Arizona Future Caucus Co-Chairs
Joined by Arizona Future Caucus Co-Chairs Representative Mark Cardenas and Representative TJ Shope, MAP's State Caucus Network Director, Cherisse Eatmon hosted events at NALEO's 35th Annual Conference.
MAP has reached a major milestone in its nearly five-year history. On Wednesday, April 18, MAP announced the launch of its 25th state Future Caucus in Arizona with House Speaker Pro Tempore T.J. Shope (R-8), Representative Mark Cardenas (D-19), and nearly twenty young elected officials at the Arizona State Capitol’s Rose Garden.
Future Caucus News
Legislators across the country are far older than their constituents, and issues important to young people are taking a backseat at state and national levels as a result, according to a report released Tuesday.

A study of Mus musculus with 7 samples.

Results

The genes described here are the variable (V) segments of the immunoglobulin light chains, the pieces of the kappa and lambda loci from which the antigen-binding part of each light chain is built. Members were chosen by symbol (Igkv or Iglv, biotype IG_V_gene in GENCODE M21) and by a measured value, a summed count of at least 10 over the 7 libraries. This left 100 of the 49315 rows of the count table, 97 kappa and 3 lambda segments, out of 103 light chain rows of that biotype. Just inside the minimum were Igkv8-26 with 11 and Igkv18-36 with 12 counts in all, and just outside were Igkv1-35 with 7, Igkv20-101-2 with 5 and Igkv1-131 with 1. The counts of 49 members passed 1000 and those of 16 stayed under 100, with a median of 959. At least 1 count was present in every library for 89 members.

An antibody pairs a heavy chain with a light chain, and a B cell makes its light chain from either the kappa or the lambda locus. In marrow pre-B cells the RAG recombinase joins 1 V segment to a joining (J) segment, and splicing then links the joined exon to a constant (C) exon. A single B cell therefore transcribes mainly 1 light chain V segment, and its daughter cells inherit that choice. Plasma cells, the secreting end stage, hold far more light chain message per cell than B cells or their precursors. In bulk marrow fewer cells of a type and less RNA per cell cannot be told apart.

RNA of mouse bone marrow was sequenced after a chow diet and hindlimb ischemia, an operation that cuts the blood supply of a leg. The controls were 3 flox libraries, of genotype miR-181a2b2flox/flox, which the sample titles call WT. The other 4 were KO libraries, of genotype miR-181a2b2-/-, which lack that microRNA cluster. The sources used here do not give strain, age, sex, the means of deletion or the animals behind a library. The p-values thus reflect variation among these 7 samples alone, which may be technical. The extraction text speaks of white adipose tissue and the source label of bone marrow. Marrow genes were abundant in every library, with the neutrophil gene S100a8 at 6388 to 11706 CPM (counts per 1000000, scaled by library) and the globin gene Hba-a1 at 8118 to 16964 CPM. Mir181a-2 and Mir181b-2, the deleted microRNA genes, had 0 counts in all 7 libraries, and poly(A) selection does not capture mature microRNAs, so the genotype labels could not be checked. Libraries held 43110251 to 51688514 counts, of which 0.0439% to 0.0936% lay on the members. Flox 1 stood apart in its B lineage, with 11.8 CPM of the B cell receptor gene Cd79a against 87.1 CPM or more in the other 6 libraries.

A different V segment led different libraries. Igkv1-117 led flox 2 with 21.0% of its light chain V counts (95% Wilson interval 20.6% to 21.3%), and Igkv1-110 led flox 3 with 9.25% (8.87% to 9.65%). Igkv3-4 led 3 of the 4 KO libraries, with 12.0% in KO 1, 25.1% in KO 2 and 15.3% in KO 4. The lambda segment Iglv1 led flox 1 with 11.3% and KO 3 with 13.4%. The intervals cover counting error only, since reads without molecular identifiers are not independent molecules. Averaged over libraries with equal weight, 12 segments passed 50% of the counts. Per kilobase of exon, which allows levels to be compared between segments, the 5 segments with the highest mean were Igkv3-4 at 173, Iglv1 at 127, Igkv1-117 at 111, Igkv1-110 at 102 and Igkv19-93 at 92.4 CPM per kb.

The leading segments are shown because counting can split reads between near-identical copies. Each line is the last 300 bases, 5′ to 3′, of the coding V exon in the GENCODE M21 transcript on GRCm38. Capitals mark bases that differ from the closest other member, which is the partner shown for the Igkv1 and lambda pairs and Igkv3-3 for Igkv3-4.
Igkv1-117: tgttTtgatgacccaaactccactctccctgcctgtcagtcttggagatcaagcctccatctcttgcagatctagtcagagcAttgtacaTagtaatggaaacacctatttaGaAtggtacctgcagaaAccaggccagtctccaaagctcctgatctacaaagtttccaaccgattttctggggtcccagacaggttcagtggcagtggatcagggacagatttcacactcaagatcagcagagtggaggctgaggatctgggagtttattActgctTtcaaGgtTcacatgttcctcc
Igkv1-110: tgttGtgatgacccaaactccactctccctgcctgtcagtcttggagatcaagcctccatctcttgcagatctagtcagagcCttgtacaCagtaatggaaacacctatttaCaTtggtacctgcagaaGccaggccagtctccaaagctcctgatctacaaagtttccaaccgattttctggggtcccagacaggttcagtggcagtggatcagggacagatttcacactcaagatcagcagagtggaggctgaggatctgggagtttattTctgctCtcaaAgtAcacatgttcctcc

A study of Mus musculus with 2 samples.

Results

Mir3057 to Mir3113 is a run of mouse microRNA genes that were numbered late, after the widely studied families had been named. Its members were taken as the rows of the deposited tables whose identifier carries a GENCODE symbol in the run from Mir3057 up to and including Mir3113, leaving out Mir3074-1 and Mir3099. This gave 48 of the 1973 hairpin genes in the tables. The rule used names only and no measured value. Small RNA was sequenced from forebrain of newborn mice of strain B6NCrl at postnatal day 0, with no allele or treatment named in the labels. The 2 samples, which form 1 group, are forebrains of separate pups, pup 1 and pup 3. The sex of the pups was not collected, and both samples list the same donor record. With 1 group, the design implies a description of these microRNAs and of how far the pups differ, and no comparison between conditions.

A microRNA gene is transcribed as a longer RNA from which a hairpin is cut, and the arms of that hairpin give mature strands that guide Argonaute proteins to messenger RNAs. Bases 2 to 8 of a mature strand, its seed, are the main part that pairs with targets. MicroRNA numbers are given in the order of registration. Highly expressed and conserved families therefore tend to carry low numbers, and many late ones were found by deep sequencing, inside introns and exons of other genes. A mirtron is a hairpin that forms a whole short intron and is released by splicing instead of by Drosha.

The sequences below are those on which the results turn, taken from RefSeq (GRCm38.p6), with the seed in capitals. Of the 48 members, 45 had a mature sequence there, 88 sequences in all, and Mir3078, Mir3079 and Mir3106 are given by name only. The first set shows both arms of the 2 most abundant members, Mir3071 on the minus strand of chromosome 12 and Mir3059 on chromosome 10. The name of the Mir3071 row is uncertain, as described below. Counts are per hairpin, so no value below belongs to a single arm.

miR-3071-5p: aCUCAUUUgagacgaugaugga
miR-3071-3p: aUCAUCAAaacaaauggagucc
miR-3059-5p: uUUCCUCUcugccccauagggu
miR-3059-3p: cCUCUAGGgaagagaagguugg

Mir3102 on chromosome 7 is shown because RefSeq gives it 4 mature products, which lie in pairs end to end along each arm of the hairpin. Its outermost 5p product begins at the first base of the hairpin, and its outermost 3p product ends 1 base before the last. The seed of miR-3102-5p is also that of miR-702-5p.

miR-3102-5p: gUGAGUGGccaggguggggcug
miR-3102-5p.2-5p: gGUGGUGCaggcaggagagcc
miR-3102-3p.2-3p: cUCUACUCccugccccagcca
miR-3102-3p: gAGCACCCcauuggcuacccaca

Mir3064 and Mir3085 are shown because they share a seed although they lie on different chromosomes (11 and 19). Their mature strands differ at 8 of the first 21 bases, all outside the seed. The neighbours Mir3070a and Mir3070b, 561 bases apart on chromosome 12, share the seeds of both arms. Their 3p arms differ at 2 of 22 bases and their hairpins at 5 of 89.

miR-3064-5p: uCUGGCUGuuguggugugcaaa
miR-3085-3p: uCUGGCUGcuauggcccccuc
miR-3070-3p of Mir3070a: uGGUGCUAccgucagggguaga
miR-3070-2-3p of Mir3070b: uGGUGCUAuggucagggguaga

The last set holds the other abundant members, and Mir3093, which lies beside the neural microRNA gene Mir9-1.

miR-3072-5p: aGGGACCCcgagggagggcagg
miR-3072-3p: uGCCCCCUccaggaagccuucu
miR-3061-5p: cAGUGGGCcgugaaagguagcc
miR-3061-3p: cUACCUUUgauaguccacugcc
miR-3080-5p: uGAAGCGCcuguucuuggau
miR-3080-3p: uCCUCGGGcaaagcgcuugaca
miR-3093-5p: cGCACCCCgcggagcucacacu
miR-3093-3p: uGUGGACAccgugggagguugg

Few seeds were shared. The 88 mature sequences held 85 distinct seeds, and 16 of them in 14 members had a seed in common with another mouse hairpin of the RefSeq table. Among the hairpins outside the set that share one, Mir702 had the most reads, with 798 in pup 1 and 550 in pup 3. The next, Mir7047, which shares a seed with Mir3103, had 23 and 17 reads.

Insisting that age — or lack thereof — makes a difference, a group of young Republican and Democrat lawmakers are forming a “millennial caucus’’ to find areas of common ground. But don’t look for a Kumbaya moment on the hot-button issues like gun rights and school funding.
Two state lawmakers have launched the Arizona Future Caucus, which is a part of the national Millennial Action Project. The group will be made up of legislators age 40 and under, including Arizona’s co-chairs Rep. T.J. Shope, a Republican from Coolidge, and Rep. Mark Cardenas, a Phoenix Democrat.
(Phoenix, AZ) Today, Representative Mark Cardenas (D-19) and House Speaker Pro Tempore T.J. Shope (R-8) announced the creation of the bipartisan Arizona Future Caucus, a brand-new caucus comprised of state legislators under age 40. With the launch, Arizona becomes the 25th state to join Millennial Action Project’s national State Future Caucus Network.
Don't expect them to talk about their dislike of breakfast cereal — or love of overpriced avocado toast. They would, however, like to talk about how best to regulate Uber, tax digital currencies and restore civility in American politics.
Insisting that age — or lack thereof — makes a difference, a group of young Republican and Democrat lawmakers are forming a “millennial caucus” to find areas of common ground.